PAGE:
RICHMOND, Va. -- Every bit of TV news is all about connecting.
More than you might think.
Two co-workers work two different shifts but share a forever connection: breast cancer.
“Everyone said, 'Have you talked to Yvonne? Do you know Yvonne?” said Tara Daudani, an associate producer with Virginia This Morning.
“She’s in the morning. I’m in the evening," WTVR audio operator Yvonne Libron said.
"It’s always nice to hear someone who’s been through it and has made it to the other side,” Daudani said
Before Tara Daudani and Yvonne Libron connect face to face, first you have to know their stories.
“I called it the year of the Tara,” Daudani said.
The year 2018 saw Daudani break new ground by running the Monument Avenue 10K for the first time.
But she also went back to her roots. She returned to a job in TV news for the first time in six years.
“It certainly changed. It’s not how I thought the year was going to go,” Daudani said.
In August, the 37-year-old was diagnosed with breast cancer. She discovered the tumor after putting on a sports bra.
“It felt funny to me. Something inside of me said I need to get this checked out. Sooner rather than later,” Daudani said.
A mammogram and ultrasound confirmed what she dreaded.
“Am I going to die? Am I going to die? Is my 2-year-old going to grow up to be old enough to remember me?” Daudani asked.
Playtime with her two daughters keeps life normal, but even their young eyes can see the obvious. Daudani remembers the difficult talk.
“Mommy is going to get some medicine that’s going to make her hair fall out because that's really physically the most jarring thing about this. It was really hard for me to look in the mirror because I looked sick,” Daudani said.
Through the rounds of chemotherapy, Daudani’s workload never slowed down and life didn't stop for Yvonne either.
Five years ago, it was supposed to Yvonne’s year too, until breast cancer.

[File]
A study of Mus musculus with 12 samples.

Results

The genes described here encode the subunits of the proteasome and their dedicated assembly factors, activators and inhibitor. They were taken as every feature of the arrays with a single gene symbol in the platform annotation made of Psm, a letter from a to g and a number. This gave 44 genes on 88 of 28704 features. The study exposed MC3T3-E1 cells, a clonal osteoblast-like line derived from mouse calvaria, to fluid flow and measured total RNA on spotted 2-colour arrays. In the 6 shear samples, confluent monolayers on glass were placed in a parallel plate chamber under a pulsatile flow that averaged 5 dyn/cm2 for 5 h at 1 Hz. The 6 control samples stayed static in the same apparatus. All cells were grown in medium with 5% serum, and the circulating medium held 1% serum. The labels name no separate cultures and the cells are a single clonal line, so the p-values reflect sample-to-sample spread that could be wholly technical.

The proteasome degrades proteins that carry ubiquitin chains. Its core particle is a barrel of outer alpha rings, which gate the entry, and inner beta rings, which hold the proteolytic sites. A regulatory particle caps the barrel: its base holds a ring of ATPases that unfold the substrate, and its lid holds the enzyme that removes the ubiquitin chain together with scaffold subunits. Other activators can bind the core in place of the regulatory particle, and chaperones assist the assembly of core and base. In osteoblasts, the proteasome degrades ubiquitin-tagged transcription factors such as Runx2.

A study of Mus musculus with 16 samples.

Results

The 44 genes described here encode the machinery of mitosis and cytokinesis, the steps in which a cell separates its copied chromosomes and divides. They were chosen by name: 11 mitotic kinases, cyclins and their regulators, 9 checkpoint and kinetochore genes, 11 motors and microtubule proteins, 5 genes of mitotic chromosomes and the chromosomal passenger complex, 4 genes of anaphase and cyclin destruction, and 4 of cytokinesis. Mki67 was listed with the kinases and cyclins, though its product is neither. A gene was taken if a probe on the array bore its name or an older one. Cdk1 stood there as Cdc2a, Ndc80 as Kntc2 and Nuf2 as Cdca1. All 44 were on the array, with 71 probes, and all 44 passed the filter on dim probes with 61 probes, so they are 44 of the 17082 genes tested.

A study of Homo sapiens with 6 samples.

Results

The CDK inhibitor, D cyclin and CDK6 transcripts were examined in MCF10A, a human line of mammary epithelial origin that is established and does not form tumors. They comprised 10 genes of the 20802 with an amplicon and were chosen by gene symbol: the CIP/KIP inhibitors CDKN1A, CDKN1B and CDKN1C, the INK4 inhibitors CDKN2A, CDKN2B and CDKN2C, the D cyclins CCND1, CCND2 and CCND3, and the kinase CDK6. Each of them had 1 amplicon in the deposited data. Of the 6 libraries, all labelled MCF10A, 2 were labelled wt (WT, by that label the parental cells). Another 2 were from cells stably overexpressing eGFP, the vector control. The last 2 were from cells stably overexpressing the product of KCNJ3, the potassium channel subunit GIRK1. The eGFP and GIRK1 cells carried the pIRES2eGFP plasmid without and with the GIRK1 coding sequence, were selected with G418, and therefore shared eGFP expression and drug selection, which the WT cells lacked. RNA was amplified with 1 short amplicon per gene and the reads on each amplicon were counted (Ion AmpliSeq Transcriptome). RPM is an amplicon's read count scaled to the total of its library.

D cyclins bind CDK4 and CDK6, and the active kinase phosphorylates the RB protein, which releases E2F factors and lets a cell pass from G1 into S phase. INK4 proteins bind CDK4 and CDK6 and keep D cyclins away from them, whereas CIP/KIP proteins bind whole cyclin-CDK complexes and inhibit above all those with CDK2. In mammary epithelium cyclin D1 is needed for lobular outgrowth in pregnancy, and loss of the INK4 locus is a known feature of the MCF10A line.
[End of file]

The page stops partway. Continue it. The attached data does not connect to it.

"Everything in my spirit was like ‘oh, you’re fighting,’” Libron said.
And she did with three surgeries, chemo and radiation.
“I’m just ready to live life every day,” Libron said.
It’s those positive words Yvonne wants to pass on to Tara in person when they finally met at the CBS 6 studio.
Tara and Yvonne's connection goes deeper. Both are in their 30s. Both found their own tumor and have no family history of breast cancer.
According to the American Cancer Society, roughly 12,000 women are diagnosed with breast cancer. Dr. Mary Helen Hackney at VCU Massey Cancer Center says women ages 50 to 70 years old is the highest risk age group of getting breast cancer.
Like most women diagnosed under 40, the cancer is more aggressive. Daudani was diagnosed with Stage 3 triple negative breast cancer. Libron’s diagnosis was with Stage 3 HER 2 positive.
Dr. Hackney said it’s a small number of cases for women under 40 with breast cancer, but their cancer is often more aggressive, and their breasts are more dense. She says it’s important for women to do their own breast self-exams.
“If you find something that’s different. Bring it to the attention of a physician,” Dr. Hackney said.
Breast screenings are recommended for women over 40 if there’s no family history of breast cancer.
“If (doctors) say you’re not old enough then go get another opinion because you know your body. You know it’s changing,” Dr. Hackney said.
Dr. Hackney also stresses a young woman may not want to do a breast exam during her menstrual cycle.
“So, a young woman may need to wait until she’s through her mensies and then get another exam to see if things have changed,” Dr. Hackney said.
For Daudani and Libron, they’re taking on this journey and treasuring the connections they've made along the way.